Resist External Forces, Trade Bodies Urged
The Herald (Harare)
September 18, 2005
Darlington Musarurwa and Augustine Moyo
REGIONAL trade integration bodies must stand together and prevent outside forces like the European Union (EU) from promoting divisions to suit their varied agendas, especially when dealing with African member states, a Government minister has urged.
The Minister of Industry and International Trade, Cde Obert Mpofu, issued the warning last week at a regional conference on Southern Africa Development Community (Sadc) and Economic Partnership Agreement (EPA) experiences in negotiating economic partnership agreements with the EU.
The call comes at a time when Eastern and Southern African (ESA) countries and the Sadc region are preparing to engage in substantive negotiations with the EU before the end of this year.
ESA countries are scheduled to engage the EU on the negotiations for a new trade pact to replace the Lome IV Convention on the 24th and 25th of next month.
Issues still under discussion between the EU and African, Caribbean and Pacific Countries (ACP) include policies on agriculture, global market access, sanitary and phytosanitary (SPS) issues, services and trade facilitation.
"It came to our attention that some time in May this year the EU was trying to divide the ESA countries by suggesting that some four countries within ESA should move over from ESA and negotiate as Sadc.
"I want to urge all stakeholders involved to stand together when such issues arise. We should not let outside forces divide us to suit their varied agendas.
"We derive our strength from our numbers and we should, therefore, stand together to defeat these machinations," said Cde Mpofu.
Presently, the issue of allegiance to various regional trade bodies has become important to the fate of the negotiations.
For instance, the Zambian government is said to be making consultations on whether to align itself to Sadc or Comesa (Common Market for Eastern and Southern Africa).
Cde Mpofu added that for trade negotiation bodies to get maximum benefit from the economic partnership agreements, Sadc and Comesa need a common vision, pace and objectives.
In Zimbabwe, the Government is working with stakeholders, which include the Trade and Development Studies Centre, in order to improve the country’s negotiating skills.
It is hoped that by sharing experiences, the various representative bodies that participate in multilateral trade negotiations will be more aware of the issues at stake and be able to forge fairer trade agreements.
The consultations are also being undertaken to develop a strategy for the smooth transition of the ACP states into the world economy.
"The objectives of the EPA are premised on the need to foster the gradual and smooth integration of ACP states into the world economy, enhancement of production, increase in supply and trade capacities, creation of new trade, eradication of poverty and supporting of regional integration process within the ACP.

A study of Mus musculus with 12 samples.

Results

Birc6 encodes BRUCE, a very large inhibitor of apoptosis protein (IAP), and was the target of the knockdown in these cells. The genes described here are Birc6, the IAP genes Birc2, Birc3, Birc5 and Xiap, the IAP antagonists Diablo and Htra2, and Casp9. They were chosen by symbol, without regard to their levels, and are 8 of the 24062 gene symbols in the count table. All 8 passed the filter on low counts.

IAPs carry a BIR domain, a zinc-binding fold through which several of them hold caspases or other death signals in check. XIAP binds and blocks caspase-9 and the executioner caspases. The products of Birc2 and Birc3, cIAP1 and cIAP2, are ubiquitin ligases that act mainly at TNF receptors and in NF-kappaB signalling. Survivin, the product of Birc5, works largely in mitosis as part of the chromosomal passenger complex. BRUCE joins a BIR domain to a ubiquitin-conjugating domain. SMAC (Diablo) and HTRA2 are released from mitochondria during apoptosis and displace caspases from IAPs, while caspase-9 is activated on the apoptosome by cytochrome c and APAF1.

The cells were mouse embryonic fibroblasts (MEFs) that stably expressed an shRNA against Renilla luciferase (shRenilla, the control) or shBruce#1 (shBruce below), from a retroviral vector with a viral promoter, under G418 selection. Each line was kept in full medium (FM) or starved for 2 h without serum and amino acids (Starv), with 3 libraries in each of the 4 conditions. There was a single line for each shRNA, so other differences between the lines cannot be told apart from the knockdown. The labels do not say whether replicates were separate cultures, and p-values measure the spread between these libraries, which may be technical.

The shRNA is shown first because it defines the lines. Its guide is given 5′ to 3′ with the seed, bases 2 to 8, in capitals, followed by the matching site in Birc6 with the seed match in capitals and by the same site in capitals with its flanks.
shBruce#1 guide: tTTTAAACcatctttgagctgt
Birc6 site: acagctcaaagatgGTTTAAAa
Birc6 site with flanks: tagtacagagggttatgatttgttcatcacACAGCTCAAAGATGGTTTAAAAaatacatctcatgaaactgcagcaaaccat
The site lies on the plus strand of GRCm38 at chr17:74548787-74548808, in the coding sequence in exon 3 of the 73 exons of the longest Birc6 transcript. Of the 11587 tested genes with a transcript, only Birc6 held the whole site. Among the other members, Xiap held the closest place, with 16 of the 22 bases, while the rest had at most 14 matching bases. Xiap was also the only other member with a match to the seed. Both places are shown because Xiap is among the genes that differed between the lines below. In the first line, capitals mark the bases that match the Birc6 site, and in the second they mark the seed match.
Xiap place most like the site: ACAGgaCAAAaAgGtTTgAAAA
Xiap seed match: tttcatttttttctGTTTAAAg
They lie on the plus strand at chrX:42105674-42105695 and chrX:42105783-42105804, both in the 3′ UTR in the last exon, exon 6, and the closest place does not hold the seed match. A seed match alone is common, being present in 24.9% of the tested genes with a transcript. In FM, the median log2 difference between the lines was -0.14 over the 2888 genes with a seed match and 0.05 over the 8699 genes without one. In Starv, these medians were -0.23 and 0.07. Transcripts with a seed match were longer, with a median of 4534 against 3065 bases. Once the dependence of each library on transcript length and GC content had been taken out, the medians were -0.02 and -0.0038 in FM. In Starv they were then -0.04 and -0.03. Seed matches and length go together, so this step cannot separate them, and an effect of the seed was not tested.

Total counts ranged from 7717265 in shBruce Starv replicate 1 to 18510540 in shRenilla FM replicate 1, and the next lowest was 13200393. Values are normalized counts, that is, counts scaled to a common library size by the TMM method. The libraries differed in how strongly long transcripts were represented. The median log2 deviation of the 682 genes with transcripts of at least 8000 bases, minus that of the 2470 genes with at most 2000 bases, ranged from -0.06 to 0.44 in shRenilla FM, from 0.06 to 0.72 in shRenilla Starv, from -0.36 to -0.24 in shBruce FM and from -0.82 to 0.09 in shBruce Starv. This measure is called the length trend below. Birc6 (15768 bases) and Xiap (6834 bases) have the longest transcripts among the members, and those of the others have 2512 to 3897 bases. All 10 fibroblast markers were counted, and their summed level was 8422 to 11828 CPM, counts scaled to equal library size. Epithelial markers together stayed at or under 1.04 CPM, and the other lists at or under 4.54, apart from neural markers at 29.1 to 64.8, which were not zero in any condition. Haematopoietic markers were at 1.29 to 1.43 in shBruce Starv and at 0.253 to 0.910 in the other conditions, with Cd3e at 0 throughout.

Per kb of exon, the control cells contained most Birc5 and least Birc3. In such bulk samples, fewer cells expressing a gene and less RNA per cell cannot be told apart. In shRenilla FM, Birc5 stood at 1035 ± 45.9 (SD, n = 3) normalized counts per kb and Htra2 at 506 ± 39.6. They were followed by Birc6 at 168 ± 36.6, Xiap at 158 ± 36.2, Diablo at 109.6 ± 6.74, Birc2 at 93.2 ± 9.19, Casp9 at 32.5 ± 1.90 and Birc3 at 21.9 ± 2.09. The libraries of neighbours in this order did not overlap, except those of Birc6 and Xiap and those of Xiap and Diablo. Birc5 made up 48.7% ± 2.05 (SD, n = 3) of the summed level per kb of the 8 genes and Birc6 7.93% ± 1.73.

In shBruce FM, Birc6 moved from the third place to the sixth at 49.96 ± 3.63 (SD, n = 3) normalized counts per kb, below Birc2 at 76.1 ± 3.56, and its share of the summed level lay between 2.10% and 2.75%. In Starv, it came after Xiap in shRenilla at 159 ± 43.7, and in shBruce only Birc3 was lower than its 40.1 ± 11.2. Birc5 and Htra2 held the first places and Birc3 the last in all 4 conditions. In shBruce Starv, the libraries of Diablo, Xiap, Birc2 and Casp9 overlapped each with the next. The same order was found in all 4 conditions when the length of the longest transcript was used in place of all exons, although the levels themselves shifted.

"These objectives will be meaningless to us unless they translate into tangible benefits for our people," explained Cde Mpofu.
EPA negotiations are expected to radically change the existing trade scenario.
"Our objective is that this change should reinforce the importance of trade in the development of our economies, employment generation, wealth creation for our people and ultimately poverty eradication.
"This can only be achieved if the EU does not shortchange us on our exports and begin to view our countries as equal trading partners," added the minister.
Cde Mpofu said it was about time the EU respected the spirit of equal negotiating partners as enshrined in the Cotonou Agreement, adding that they should, therefore, desist from dictating the pace and outcome of negotiations with African countries.
"The EU should also grant special and differential treatment to ACP countries when negotiating, especially in agriculture," he said.
At the 19th meeting of the Comesa inter-governmental committee held in Rwanda three months ago, Comesa member states called for the removal of agricultural subsidies by developed countries so as to allow Third World countries fair access to their markets.
Rwandan Minister of Commerce, Invest-ment, Tourism and Co-operatives Professor Manasseh Nshuti pointed out that the developed world gives Africa a total of US$1 billion in aid, yet at the same time African farmers lose an estimated US$90 billion annually due to the subsidies given to farmers in developed countries.
He said: "We as Comesa member states do not want aid, we want to be allowed to compete fairly on the global markets, but as things are today, we have been turned into slaves through the export of raw materials."
Prof Nshuti reiterated that if the developed world scrapped subsidies on agricultural products, Africa would not need any donor aid.
To date, many African countries have been on the receiving end of depressed world prices that are induced by the flooding of world markets with cheap goods from developed countries.
However, the United States and the EU have undertaken to cut their subsidies but have not yet implemented the promise.
Zimbabwe has not been spared from the viability problems that are attendant to subsidised commodities on international markets, notably, a row between local tobacco farmers and merchants erupted in May this year when prices offered were low owing to international prices caused by the flooding of the subsidised tobacco crop from Brazil and the United States.
The just-ended regional meeting, which was attended by delegates from as far afield as Senegal and Uganda, sought to share experiences in EPA’s negotiations with the EU and find out areas of convergence and divergence between Sadc and ESA as well as to re-strategise on the way forward for effective negotiations.